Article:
Selling a timeshare vacation property has always been a challenge. These days, it can be nearly impossible. The market is flooded with units for sale. People who are struggling to make ends meet are desperate to liquidate.
Con artists are cashing in on that desperation. Fraudulent telemarketers across the country are taking in millions of dollars by making promises they cannot keep.
“They say they have a buyer lined up who’s ready to buy your property,” explains Jeanette Kopko with the Dallas Better Business Bureau. “And they make it sound like you need to pay their fee right away or this buyer is going to slip out of your grasp.”
But the bottom line is always the same: There is no buyer. All the company does for the money — if it does anything at all — is list your property for sale.
“They just lie to you,” says Catherine Aviolo of Chicago.
Catherine and her husband, Joe, are both unemployed construction workers. They need to sell their timeshare in Florida to pay off their mounting credit card debt.
One day they got a call out of the blue from a company in Texas that guaranteed to sell their unit within six months. Catherine and Joe thought their prayers had been answered.
The caller said they’d have to pay a small fee for the service: $399 in advance. Thinking this was a sure thing, the Aviolos came up with the money. But the company never came up with a buyer.
“Every time we contacted them they said they had no one interested in it because we were asking too much money,” Catherine says.
The timeshare is still on the market and the company won’t refund the money. The Aviolos are now on what telemarketers refer to as a “suckers list” because this summer they were contacted by at least 14 different timeshare resellers. All wanted money up front.
John Davis, who lives in New Mexico, got taken by a timeshare resale con artist for $2,200. Davis was thinking about selling a unit he hadn’t used much recently. That’s when he got an unexpected call from a telemarketer who said his company had a buyer. The deal would close in 30-60 days, but Davis would have to pay the closing costs in advance.
“They sounded legitimate,” he recalls. And he wanted to cash out of the unit, so he gave them his credit card number to cover that enormous fee.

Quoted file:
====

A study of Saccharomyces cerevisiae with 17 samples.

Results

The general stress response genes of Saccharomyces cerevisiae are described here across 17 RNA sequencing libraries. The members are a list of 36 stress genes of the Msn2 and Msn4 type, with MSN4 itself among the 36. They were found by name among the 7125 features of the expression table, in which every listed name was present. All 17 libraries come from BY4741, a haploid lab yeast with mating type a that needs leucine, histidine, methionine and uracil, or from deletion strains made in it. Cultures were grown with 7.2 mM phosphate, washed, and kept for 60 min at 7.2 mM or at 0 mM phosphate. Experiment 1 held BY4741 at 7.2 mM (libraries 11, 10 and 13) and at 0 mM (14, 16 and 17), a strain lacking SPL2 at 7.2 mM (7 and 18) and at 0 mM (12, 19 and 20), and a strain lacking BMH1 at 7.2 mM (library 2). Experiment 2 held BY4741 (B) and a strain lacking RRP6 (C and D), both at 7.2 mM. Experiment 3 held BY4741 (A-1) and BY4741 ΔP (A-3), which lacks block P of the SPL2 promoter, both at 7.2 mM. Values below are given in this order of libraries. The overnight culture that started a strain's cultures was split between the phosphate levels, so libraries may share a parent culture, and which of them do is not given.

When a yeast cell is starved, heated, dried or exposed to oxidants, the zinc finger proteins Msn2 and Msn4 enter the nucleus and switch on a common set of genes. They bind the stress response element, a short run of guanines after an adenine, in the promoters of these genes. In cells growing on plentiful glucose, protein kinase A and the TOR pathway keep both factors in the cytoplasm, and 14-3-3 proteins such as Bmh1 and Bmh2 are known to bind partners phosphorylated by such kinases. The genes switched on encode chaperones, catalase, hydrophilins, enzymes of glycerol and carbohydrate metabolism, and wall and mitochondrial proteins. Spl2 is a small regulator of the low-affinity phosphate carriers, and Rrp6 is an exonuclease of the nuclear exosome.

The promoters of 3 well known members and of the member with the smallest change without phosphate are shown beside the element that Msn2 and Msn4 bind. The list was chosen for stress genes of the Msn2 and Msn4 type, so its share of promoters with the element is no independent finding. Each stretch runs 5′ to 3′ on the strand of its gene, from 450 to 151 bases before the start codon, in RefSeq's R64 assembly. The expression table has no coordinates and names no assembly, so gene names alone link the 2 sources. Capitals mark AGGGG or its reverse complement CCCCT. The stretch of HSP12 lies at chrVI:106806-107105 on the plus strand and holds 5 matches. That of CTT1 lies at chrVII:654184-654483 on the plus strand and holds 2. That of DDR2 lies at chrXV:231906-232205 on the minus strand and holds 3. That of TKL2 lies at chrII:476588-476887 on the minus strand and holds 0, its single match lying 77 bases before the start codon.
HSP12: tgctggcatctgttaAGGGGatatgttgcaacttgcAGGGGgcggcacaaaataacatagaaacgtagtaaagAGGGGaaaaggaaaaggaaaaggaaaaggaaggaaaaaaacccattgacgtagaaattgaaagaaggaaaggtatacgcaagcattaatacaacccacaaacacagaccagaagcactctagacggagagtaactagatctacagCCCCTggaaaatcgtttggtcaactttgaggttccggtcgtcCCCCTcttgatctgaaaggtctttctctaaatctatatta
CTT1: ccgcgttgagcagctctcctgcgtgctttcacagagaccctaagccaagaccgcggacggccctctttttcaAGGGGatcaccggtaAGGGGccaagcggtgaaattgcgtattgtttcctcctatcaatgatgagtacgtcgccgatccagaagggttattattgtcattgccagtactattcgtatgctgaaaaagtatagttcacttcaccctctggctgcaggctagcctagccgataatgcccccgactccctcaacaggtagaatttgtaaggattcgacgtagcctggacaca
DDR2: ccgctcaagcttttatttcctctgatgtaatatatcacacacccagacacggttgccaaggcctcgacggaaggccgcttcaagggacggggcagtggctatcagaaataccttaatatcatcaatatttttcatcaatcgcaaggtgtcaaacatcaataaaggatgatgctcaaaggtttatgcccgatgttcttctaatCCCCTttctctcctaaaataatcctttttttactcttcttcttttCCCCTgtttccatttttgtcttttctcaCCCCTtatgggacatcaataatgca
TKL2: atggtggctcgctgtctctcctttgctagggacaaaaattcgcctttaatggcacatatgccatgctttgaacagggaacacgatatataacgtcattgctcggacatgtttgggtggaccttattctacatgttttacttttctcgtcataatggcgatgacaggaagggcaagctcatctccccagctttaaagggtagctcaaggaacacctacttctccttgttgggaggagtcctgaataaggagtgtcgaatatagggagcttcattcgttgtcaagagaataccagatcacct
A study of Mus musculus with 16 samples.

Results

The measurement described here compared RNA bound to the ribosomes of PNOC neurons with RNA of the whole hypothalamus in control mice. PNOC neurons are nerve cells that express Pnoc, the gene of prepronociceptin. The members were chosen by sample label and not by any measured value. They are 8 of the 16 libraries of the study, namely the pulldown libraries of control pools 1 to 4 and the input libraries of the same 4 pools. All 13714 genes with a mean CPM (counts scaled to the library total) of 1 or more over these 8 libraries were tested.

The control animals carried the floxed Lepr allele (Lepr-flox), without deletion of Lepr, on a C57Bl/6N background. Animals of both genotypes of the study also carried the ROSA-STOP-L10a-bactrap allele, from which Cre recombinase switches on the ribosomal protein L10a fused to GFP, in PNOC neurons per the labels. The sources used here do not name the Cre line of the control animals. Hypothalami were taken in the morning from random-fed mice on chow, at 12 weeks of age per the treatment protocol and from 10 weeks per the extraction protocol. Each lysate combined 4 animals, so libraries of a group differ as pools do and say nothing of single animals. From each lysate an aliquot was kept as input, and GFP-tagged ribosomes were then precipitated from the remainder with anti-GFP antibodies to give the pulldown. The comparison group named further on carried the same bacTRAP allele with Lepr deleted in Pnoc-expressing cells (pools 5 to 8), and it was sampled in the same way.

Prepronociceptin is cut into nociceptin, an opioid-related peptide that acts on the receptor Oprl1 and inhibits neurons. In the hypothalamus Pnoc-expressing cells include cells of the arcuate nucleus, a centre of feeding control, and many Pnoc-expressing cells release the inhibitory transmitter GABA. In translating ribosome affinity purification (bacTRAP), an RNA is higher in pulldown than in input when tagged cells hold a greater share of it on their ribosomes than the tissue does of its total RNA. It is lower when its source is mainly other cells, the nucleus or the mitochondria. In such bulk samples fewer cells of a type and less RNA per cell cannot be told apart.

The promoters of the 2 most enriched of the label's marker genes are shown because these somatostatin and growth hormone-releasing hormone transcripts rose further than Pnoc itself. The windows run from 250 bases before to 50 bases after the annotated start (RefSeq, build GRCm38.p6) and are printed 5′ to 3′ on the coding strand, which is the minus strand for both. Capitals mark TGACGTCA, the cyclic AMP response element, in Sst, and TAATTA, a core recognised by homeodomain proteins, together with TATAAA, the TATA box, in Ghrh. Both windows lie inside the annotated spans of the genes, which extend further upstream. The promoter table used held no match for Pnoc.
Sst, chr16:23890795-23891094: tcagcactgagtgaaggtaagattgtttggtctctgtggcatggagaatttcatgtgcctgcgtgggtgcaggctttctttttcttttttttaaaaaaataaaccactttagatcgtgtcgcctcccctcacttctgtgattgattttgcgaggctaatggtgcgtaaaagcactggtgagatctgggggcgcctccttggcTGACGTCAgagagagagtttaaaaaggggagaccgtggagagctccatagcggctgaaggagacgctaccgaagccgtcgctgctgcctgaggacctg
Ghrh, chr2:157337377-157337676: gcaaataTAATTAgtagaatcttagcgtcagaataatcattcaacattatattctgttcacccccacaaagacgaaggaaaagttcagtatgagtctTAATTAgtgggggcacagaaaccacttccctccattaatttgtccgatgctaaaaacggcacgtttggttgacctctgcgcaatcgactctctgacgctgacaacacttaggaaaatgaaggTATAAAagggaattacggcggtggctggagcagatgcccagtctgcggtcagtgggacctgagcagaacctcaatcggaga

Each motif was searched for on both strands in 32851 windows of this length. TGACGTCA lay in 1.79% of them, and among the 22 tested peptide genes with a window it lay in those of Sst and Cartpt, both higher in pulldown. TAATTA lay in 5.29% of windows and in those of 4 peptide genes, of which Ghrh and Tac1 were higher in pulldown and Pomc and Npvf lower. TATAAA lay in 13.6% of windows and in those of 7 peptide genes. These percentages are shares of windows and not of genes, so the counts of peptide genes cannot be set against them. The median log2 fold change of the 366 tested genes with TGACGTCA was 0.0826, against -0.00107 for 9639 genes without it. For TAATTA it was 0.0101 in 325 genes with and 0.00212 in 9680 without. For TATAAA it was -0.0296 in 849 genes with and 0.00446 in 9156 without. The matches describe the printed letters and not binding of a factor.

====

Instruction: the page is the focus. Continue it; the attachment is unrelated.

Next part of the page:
Davis waited the 60 days and nothing happened. When he called the company he was given excuses. This went on for months. Finally, the company stopped answering the phone and Davis knew he’d been burned.
“They told me exactly what I wanted to hear and I fell for it hook, line and sinker.”
At first the credit card company did not want to refund the money because too much time had elapsed. But Davis made such a stink, he eventually got his money back. He was lucky.
Law enforcement agencies across the country are reporting a spike in complaints about timeshare resale scams.
“It is very large and growing problem,” says Terence McElroy, communications director for the Florida Department of Agriculture and Consumer Services, which licenses telemarketers in the state. “A lot of people really need to unload their timeshares, and unscrupulous telemarketers are able to exploit this situation.”
Timeshare resale complaints are now the most commonly reported consumer problem to the Florida Attorney General’s office. Since the beginning of the year, more than 8,500 people have filed complaints.
“The increasing level of fraud in the timeshare resale industry is alarming,” says Florida Attorney General Bill McCollum.
His office has active lawsuits against nine timeshare resale companies and is investigating 49 others.
Illinois Attorney General Lisa Madigan says her office has seen victims taken for as much as $5,000. Madigan tells me the fake resellers often send timeshare owners bogus documents that look legitimate to make the potential sale seem real.
While some of the scammers still take a credit card numbers over the phone, Madigan says most now want the money wired to an out-of-state bank account.
“Wire the money and you might as well throw it in the garbage, because you’re not going to see it again,” she says.
By the time people realize they’ve been taken and complain to the authorities, the con artists have closed their bank account, disconnected their phone and moved to a new location.
It’s not easy to resell a timeshare. The market is weak, and the number of available units is staggering.
“If you’re lucky you may be able to get 10 cents on the dollar trying to sell it in the resale market,” says Ed Perkins, contributing editor at SmarterTravel.com.
That’s why most real estate agents won’t bother with a timeshare resale, which means you’re on your own. Your best bet is to sign up with a legitimate listing organization. Perkins says they’ll charge you around $25 to post your message on their bulletin board.
If you bought your timeshare through one of the big hotel corporations, check with them. They might have a program that helps you sell it.
No matter how much you need the money, don’t fall for a smooth-talking telemarketer who claims to have a hot prospect and wants you to pay a fee to get things going. That’s the sure sign of a con artist. Hang up!